Reading and Communication A Comparison of Proficient and Less-Proficient Fourth-Grade Readers' Opinions Research Article
Research Article  |   July 01, 1996
Reading and Communication
 
Author Affiliations & Notes
  • Claudia J. Canady
    Department of Communication Disorders, University of Utah, 1201 Behavioral Science Building, Salt Lake City, UT 84112
  • Susan G. Krantz
    Tucson Unified School District, Tucson, AZ
Article Information
Development / School-Based Settings / Normal Language Processing / Attention, Memory & Executive Functions / Research Articles
Research Article   |   July 01, 1996
Reading and Communication
Language, Speech, and Hearing Services in Schools, July 1996, Vol. 27, 231-238. doi:10.1044/0161-1461.2703.231
History: Received September 6, 1994 , Accepted July 12, 1995
 
Language, Speech, and Hearing Services in Schools, July 1996, Vol. 27, 231-238. doi:10.1044/0161-1461.2703.231
History: Received September 6, 1994; Accepted July 12, 1995

The views of children toward literacy can provide insight into the relationship between areas of reading and communication abilities and suggest possibilities for classroom language intervention and the use of written materials. This investigation examined differences in the opinions of fourth-grade readers with good and poor reading skills. Interviews were conducted with 270 fourth-grade students, 142 above average (AAR) readers and 128 below average (BAR) readers. Data analysis revealed significant differences between the two groups of readers on nine of 22 questions. The subjects accurately identified themselves as good or poor readers. The AAR group reported understanding more of what they read, whereas the BAR group reported problems in comprehending written information. As oral communicators, the AARs reported talking more and being understood more often when they talked than the BARs. Significant differences were found between the AAR and BAR groups regarding how often they read at home by themselves and how often they read for fun. However, no differences existed between the groups in their opinions of the value and importance of reading.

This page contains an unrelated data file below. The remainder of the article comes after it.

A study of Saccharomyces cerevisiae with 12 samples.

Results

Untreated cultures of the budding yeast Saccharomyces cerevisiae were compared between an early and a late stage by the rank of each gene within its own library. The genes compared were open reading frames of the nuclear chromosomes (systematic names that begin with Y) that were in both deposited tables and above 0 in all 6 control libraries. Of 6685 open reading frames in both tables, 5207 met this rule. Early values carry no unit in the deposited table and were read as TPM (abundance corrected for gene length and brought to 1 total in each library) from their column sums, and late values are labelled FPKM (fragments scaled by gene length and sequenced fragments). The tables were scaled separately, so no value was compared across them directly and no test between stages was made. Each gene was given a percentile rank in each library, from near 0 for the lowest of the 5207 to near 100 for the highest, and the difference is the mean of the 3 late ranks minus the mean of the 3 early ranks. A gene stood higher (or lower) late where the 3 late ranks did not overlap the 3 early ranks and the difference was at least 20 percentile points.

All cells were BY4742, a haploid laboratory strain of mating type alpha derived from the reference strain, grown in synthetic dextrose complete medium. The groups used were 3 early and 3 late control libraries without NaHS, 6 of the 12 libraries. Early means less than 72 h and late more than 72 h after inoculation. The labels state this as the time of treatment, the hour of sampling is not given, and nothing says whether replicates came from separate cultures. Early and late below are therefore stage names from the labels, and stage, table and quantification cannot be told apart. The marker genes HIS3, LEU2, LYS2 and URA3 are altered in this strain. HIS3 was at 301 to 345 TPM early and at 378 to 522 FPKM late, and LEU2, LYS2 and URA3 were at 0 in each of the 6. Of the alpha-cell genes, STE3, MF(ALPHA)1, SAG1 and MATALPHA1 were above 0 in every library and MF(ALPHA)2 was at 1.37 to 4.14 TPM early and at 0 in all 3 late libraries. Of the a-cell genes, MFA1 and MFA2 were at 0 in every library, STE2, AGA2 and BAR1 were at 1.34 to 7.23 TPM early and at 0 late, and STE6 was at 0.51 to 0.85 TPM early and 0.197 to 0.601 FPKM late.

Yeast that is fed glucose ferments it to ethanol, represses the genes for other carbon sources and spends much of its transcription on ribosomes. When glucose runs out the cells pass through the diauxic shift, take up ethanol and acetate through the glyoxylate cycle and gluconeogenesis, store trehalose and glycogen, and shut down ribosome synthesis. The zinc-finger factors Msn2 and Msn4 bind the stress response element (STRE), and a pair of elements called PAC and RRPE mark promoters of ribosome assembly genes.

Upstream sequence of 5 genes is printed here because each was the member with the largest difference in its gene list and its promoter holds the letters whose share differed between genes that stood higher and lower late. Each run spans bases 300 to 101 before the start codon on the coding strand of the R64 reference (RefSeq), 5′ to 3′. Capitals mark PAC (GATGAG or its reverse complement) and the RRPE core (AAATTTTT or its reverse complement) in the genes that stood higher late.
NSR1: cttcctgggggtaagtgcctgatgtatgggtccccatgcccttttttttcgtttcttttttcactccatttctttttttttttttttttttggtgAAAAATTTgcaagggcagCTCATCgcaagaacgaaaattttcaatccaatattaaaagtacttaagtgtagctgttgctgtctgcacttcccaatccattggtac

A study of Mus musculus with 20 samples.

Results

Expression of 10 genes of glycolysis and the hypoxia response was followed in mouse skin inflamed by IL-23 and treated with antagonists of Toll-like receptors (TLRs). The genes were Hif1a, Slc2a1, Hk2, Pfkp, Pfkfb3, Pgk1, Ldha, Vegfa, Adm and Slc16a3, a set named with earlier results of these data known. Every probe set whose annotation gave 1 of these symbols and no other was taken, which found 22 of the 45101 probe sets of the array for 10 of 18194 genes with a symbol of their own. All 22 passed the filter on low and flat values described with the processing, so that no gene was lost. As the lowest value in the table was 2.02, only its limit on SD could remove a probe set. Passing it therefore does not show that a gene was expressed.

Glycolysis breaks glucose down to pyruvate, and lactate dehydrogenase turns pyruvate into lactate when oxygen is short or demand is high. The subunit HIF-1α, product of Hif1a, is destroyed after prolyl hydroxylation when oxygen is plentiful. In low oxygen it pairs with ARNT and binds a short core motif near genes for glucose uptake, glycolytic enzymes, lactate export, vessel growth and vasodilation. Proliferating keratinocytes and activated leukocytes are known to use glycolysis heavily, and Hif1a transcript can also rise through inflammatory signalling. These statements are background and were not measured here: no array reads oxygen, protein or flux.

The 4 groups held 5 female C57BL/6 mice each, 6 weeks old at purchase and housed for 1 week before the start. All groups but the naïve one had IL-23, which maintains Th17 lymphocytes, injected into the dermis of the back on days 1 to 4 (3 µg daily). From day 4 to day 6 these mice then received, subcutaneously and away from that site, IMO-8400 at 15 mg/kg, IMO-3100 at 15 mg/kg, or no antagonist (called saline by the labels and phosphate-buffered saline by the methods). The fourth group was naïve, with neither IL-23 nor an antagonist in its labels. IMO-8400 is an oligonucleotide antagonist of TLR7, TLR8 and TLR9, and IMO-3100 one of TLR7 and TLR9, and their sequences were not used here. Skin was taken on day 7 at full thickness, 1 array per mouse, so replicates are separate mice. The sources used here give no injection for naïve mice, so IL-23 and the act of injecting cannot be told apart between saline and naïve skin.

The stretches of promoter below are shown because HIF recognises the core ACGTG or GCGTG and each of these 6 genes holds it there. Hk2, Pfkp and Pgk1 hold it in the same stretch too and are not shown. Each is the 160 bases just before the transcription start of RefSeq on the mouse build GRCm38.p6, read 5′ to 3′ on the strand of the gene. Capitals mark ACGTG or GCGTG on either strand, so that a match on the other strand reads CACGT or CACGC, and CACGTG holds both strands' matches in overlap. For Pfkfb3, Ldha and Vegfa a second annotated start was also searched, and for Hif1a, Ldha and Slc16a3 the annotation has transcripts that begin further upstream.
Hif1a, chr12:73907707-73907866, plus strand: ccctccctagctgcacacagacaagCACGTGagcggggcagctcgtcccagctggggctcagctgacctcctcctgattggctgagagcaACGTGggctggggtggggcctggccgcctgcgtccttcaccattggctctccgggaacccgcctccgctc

ACKNOWLEDGMENTS
The authors wish to thank the Salt Lake City School District for its cooperation in providing fourth-grade students for individual interviews. The help in interviewing subjects and compiling data given by Stephanie Broome, Linda Herrick, Eileen Hunsaker, and Jennifer Pinnock, graduate students in the Department of Communication Disorders at the University of Utah, is also greatly appreciated.